METHODOLOGY: The patients were 487 non-diabetic Malay women who had an uncomplicated antenatal course and delivered healthy singleton babies at term. Cord blood and maternal post-partum venous blood samples were taken for assay of serum cholesterol and triglyceride concentrations using standard enzymatic methods.
RESULTS: Maternal total serum cholesterol concentrations (mean +/- SD; 7.5 +/- 2.5 mmol/L) were higher than in other reported series (range of published means 5.2-6.5 mmol/L) with a correspondingly low high-density lipoprotein (HDL): total cholesterol ratio. The mean cord blood total serum cholesterol (1.7 +/- 1.0 mmol/L) was consistent with previously reported population means (1.5-1.9 mmol/L) but there was a relatively high low-density lipoprotein (LDL)-cholesterol and depressed HDL: cholesterol ratio. Significant correlations between maternal and neonatal serum total (P = 0.038) and especially HDL-cholesterol (P < 0.001) were observed. Maternal and cord blood serum triglyceride levels were comparable to those in other series.
CONCLUSIONS: These cross-sectional data provide evidence that abnormal serum cholesterol profiles are found in pregnant Malay women and their neonates which may have implications for the prevalence of macrovascular disease in the Malay population.
RESEARCH DESIGN AND METHODS: NIDDM patients of Chinese, Indian, and Malay origin attending a diabetic clinic in Kuala Lumpur, Malaysia, were matched for age, sex, diabetes duration, and glycemic control (n = 34 in each group). Urinary albumin-to-creatinine ratio was measured in an early morning urine sample. Biochemical measurements included markers of the acute-phase response: serum sialic acid, triglyceride, and (lowered) HDL cholesterol.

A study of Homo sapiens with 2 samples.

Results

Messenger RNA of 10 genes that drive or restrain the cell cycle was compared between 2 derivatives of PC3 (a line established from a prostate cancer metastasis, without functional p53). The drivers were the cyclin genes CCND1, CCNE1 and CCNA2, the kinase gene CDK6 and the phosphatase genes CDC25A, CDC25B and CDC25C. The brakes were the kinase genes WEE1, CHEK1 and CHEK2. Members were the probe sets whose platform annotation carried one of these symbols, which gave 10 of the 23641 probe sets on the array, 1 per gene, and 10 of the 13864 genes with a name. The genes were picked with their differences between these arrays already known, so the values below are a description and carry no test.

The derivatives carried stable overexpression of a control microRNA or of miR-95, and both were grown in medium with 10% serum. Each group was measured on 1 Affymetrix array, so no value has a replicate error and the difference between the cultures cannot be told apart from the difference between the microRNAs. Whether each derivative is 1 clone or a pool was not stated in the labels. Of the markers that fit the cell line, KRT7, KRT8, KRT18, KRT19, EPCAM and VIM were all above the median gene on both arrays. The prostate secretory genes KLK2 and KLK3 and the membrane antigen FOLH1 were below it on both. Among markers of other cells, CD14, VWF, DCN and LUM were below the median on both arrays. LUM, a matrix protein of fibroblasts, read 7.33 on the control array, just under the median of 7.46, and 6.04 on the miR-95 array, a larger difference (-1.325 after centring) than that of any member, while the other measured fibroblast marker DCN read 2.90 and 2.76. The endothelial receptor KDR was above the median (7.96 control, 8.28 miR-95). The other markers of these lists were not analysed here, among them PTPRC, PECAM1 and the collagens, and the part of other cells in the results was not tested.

RESULTS: The frequency of microalbuminuria did not differ among the Chinese, Indian, and Malay patients (44, 41, and 47%, respectively). In Chinese patients, those with microalbuminuria had evidence of an augmented acute-phase response, with higher serum sialic acid and triglyceride and lower HDL cholesterol levels; and urinary albumin-to-creatinine ratio was correlated with serum sialic acid and triglyceride. The acute-phase response markers were not different in Indians, with microalbuminuria being high in even the normoalbuminuric Indians; only the mean arterial blood pressure was correlated with urinary albumin-to-creatinine ratio in the Indians. Malay NIDDM subjects had an association of microalbuminuria with acute-phase markers, but this was weaker than in the Chinese subjects.
CONCLUSIONS: Microalbuminuria is associated with an acute-phase response in Chinese NIDDM patients in Malaysia, as previously found in Caucasian NIDDM subjects. Elevated urinary albumin excretion has different correlates in other racial groups, such as those originating from the Indian subcontinent. The acute-phase response may have an etiological role in microalbuminuria.